Howard B. `Reds' Arrington

Presidential plumber worked in the White House for more than three decades, under seven presidents.

March 27, 2007|By Frederick N. Rasmussen | Frederick N. Rasmussen,sun reporter

Howard Bernard "Reds" Arrington, the former White House plumber who for more than three decades kept the plumbing humming and the fountains splashing through seven presidential administrations, died of cancer Saturday at Anne Arundel Medical Center. The Edgewater resident was 79.

Mr. Arrington was born in Roanoke, Va., and lived briefly in Covington, Va., before moving with his family to Washington in 1937.

He was a graduate of the old Bell Vocational School in Washington, and enlisted in the Navy in 1944. He served as a gunner aboard a carrier vessel escort in the Pacific, and, two days after being discharged in 1946, he went to work in the White House.

"He had an uncle who worked in the White House, and he got Reds a job in the bouquet room working with flowers. He then became a plumber's helper and learned his trade while working there," said his wife of 58 years, the former Margaret Meredith.

Mr. Arrington, who was virtually on call around the clock, seven days a week, was chief plumbing foreman at the White House for 19 years. He retired in 1979.

"I think there were 17 bathrooms in the mansion. He also had to care for the White House pool and fountains, and he always had plenty of tales to tell," Mrs. Arrington said.

"I did all kinds of things. I got a call once that Mrs. Truman's toilet wasn't flushing right. So I went over there, and all of a sudden up comes these false teeth. They weren't Mrs. Truman's, they were her maid's," Mr. Arrington told Life magazine in a 1992 feature story on the White House.

"Ike used to drive golf balls down the South Lawn right into the fountain. The water was so deep, he would give me his waders and a ball retriever," he said in the interview.

During a routine cleaning of a White House fountain, Mr. Arrington was seated in a small boat with a pole.

"Looking out of a White House window, President Kennedy, said, `My God, there's a man out there in a boat and he's fishing,'" Mrs. Arrington said, laughing. "Another time, a plumber's helper turned a valve the wrong way and it blew steam into Mrs. Kennedy's clothes closet. I don't think she was very happy about it."

The one president who took his plumbing far too seriously, perhaps, was Lyndon B. Johnson.

"He almost caused Reds to have ulcers. One night, we were out dining in an Annapolis restaurant when we were paged. `White House calling Howard Arrington,'" Mrs. Arrington recalled. "They wanted Reds to come right over because President Johnson wanted his commode turned so it sat caddy-cornered in his bathroom."

"President Johnson started right in about his shower when he moved into the White House. He said, `I don't have any pressure, for one thing,' and that he wanted it just like the shower at his Georgetown home," Mr. Arrington said in the Life interview.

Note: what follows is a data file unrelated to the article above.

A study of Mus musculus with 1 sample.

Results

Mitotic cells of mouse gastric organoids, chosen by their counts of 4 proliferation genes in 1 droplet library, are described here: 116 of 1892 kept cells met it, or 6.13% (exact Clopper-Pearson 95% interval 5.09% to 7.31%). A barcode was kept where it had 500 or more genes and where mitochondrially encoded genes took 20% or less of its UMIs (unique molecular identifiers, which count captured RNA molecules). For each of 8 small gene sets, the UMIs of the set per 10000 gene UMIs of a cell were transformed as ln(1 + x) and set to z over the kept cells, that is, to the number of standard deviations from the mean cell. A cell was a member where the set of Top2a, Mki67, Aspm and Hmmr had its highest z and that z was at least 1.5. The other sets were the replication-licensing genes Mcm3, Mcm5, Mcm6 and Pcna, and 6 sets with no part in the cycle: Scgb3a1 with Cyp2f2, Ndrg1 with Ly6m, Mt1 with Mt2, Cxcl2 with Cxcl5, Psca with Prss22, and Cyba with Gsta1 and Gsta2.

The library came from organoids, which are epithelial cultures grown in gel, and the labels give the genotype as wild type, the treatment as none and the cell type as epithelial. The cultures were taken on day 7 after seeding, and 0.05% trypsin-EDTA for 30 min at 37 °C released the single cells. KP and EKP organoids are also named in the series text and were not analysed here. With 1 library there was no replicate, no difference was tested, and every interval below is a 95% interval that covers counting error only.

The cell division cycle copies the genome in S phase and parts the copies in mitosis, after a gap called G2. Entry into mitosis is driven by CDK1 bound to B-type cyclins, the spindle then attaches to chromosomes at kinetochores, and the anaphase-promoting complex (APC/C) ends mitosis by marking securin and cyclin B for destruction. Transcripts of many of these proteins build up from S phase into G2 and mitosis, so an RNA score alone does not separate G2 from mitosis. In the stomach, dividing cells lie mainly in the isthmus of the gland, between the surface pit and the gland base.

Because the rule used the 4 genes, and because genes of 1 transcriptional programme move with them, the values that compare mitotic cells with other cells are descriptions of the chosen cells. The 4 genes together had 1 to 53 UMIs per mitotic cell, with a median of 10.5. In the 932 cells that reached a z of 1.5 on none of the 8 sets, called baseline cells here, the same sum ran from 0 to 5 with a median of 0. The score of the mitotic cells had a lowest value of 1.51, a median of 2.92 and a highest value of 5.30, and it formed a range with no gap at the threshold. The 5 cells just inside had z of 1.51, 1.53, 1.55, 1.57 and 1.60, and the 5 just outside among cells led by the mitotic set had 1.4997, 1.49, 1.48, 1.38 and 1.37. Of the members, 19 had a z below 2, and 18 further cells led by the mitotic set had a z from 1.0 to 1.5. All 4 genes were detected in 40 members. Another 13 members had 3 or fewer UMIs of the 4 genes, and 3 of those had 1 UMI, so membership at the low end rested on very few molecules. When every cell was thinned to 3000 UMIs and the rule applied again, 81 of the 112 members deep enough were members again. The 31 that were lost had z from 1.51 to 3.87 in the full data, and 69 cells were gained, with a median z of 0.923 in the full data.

"So my assistant and I worked on his shower, and the President tried it and said, `That was nothing.' Then he said he wanted body sprays all around, not just overhead. He wanted one on the floor, too. This wasn't for his feet - he wanted it to hit up his rear," Mr. Arrington said.

When he was experiencing trouble adjusting the shower, he felt the full fury of LBJ's legendary temper in a three-minute phone call that concluded with his slamming down the phone.

Normally, calls conveying the president's wishes came from the chief usher at the White House, but not this one, Mrs. Arrington said.

"We have flunkies in Johnson City that can fix it, why can't you? I don't want any change in pressure when I go from the overhead to both. Bring in the engineers, anybody, but have that thing fixed by the time I get back from Texas," boomed the president, as recalled in a written account by Mrs. Arrington.

To inspire Mr. Arrington, no doubt, Mr. Johnson added: "If I can move 10,000 troops in a day, you certainly can fix the shower."

"We ended up with four pumps, and then we had to increase the size of our water lines because other parts of the house were being sucked dry," Mr. Arrington said in the Life interview. "One day the head usher tried out the shower. It pinned him right against the wall, and he looked like a lobster when he came out. `I don't see how he can stand it,'" he said.

After five years of tinkering and fine-tuning the shower, it was President Richard M. Nixon who ordered Mr. Arrington to "get rid of this stuff," after taking office in 1969.

When the existence of the White House Plumbers became known during the Watergate scandal, Mr. Arrington liked to tell people, "I'm the real White House plumber."

Inevitably, Mr. Arrington was asked in numerous interviews through the years who were his favorite presidents.

"He'd say, `They were all very good to me,' but he especially liked working for Ike and Nixon," Mrs. Arrington said.

In 1992, Mr. Arrington talked of his White House years as part of the Festival of American Folklife sponsored by the Smithsonian Institution.

"There's no place like the White House. All the things you do for a family out of your line of work - anything they wanted, from fixing a pocketbook to moving furniture," Mr. Arrington said in the souvenir festival booklet.

Mr. Arrington enjoyed planting tulips and gardening at his Edgewater home. He also liked to golf, fish and visit presidential libraries.

He was a member of Mayo United Methodist Church, 1005 Old Turkey Point Road, Edgewater, where services will be held at 11 a.m. tomorrow.

Also surviving are three daughters, Donna L. Clay of Greensboro, N.C., Bonnie K. Pellicot of Edgewater and Sherri L. Hennen of Mayo; two brothers, Harold Arrington of New Carrollton and Bonner Arrington of Myrtle Beach, S.C.; and seven grandchildren.